The Sacredness of Summer Camp

They’re back. You sent your precious child off to camp with neatly packed luggage, extras shirts and shorts just in case, some snacks and maybe even a smile.  A few days ago the bus doors opened and they looked . . . well . . . rough. Their hair wasn't combed. Half their clothes were missing and the half were covered in Jell-O. They look exhausted and reek of a distinct combination of body odor and Doritos. It’s enough to make you wonder, “What happened there?!” The best answer is...a lot.

There’s a good chance that your child had a lot of fun at camp. They stayed up late, had remarkable conversations, did something that made them uncomfortable yet thrilling, made some major life decisions and logged some life-long memories—and that was just the first day. So where do you start? How can you best rally behind what God has authored in them? And finally, how do you talk about this oh-so-packed week with them in a way that they don’t just stare at you blankly? Well, we're here to get you started in the right direction!

Below, you'll find a breakdown of things to say and things to avoid saying. Camp is packed full with everything from black light glow parties and color wars to personalized Bibles and deep faith conversations. So that means you should have no shortage of things to talk about, and hopefully even laugh about too!


The truth is, your child may not be ready to talk a lot the first day home from camp. Maybe they’ll want to tell you all about their week but, for most kids, the first day home is about one thing— sleep. If you’d love a recap before they pass out, do your best to keep it simple.                    

  • What was one fun thing you did?
  • What was the best part of your week?
  • Who is one person you got to know better?                         

WHAT TO SAY LATER                                 

When your child finally catches up on sleep and returns to the land of the living, they may feel a little more ready to chat, but there’s also a good chance they may have trouble finding the right words to articulate exactly what they’ve experienced. They’re still processing. They’re still figuring out how to bring what they learned at camp into their normal, everyday life. They may even have the post-camp blues. So instead of asking broad questions like, “What did you learn at camp?” help them find the right words by asking something more specific. For example, you can ask questions like:

  • What is one word or phrase that sticks out in your mind from this week?
  • What is one thing about the weekend that surprised you?
  • What was something you were nervous about that ended up way better than you imagined?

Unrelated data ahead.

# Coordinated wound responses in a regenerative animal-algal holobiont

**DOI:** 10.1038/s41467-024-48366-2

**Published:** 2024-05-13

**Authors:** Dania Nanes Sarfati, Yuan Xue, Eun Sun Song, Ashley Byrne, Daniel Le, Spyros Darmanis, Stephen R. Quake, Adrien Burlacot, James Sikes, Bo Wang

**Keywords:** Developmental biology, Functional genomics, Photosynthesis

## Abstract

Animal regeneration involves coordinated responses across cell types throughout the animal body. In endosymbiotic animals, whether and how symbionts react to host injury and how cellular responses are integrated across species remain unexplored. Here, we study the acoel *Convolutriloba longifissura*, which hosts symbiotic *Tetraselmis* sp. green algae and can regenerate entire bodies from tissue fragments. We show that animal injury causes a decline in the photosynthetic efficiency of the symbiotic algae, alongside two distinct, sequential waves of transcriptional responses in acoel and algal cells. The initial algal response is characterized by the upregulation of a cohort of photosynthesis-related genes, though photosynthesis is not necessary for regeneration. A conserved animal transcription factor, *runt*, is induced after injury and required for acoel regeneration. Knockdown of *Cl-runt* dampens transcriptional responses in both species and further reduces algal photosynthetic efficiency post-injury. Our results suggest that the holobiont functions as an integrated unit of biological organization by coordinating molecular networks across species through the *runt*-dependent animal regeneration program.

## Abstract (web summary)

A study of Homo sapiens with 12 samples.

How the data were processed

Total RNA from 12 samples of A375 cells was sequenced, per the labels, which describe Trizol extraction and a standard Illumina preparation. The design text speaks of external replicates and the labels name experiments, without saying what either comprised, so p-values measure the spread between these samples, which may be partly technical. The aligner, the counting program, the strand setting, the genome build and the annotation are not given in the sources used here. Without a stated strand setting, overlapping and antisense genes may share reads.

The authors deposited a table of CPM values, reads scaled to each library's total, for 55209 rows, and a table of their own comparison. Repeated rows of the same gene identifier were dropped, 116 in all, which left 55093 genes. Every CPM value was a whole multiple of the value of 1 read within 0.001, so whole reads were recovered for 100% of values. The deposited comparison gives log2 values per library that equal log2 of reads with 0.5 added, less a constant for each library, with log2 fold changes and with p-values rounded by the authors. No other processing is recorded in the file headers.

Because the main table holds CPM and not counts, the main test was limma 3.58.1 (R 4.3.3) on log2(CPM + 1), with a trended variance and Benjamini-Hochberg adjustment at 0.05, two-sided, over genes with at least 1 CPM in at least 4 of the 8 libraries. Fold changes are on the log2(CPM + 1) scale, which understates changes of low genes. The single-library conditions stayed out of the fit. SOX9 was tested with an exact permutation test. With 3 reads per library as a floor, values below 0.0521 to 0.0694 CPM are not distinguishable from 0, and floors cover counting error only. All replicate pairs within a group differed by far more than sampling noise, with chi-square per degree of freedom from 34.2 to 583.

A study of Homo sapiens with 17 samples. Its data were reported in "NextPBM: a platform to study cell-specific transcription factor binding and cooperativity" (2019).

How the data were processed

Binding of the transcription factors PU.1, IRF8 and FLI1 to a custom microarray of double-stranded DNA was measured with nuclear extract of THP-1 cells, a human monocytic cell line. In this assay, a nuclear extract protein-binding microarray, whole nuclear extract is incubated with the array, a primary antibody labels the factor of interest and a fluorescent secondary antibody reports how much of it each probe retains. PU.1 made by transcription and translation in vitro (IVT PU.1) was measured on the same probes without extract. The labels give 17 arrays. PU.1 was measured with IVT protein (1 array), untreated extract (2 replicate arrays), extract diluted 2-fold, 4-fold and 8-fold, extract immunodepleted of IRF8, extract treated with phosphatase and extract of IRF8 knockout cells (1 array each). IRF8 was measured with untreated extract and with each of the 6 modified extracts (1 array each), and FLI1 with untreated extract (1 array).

• What is one thing you learned about God, yourself or others last weekend?
  • What speaker did you enjoy most and why?
  • What is one thing you really enjoyed about your small group or small group leader?
  • Is there anything you’ve decided to do differently because of what you experienced at camp?
  • Is there anyone you’ve decided to spend more/less time around after camp?


Camp is one of the few places that feels sacred to a student. It can be sacred because they felt closer to God or made major life decisions. Or, it can be because they simply became closer to friends and felt more accepted than they do at school. Camp exists in a category of its own and there are aspects of camp that are transcendent, aspects that have rearranged their thought process, aspects they aren’t entirely sure what to do with yet.

Your child will be far less likely to talk about these experiences if they feel you don’t understand or don’t approve. So when you ask questions, do your best to keep the tone positive (even if it seems like all they did was drink Coke and play laser tag). Avoid phrases like:

  • Did you learn anything this week?
  • It sounds like all you guys did was goof off.
  • It doesn’t sound like much fun to me.
  • You’re sure not acting like you’ve learned anything.


Make camp an ongoing conversation throughout the summer. Look for opportunities to circle back on specific camp moments and previous mentions. It is likely your child is still connecting the dots from camp, trying their best to implement all of what they've heard and experienced. Take a moment to write down a few big takeaways from camp and review them together throughout the year. Or better yet, create a camp journal or scrapbook that celebrates each year's camp highlights, takeaways and maybe even a goal or two.

Camp is a sacred place—a God place. It’s a place full of wonder, rich community, and loads of pizza. A place where bathing is seen as optional and God has never felt closer. Parents, the best thing you can do is acknowledge the sacredness of this experience called camp.

Steffen Humbert was born and raised in the Sunshine State. He studied at Trinity International University and has been working with students for over six years. He serves as the Youth Pastor at National Community Church. Steffen loves watching grace capture students! He is married to his lovely bride Celeste and they are both currently living on Capitol Hill.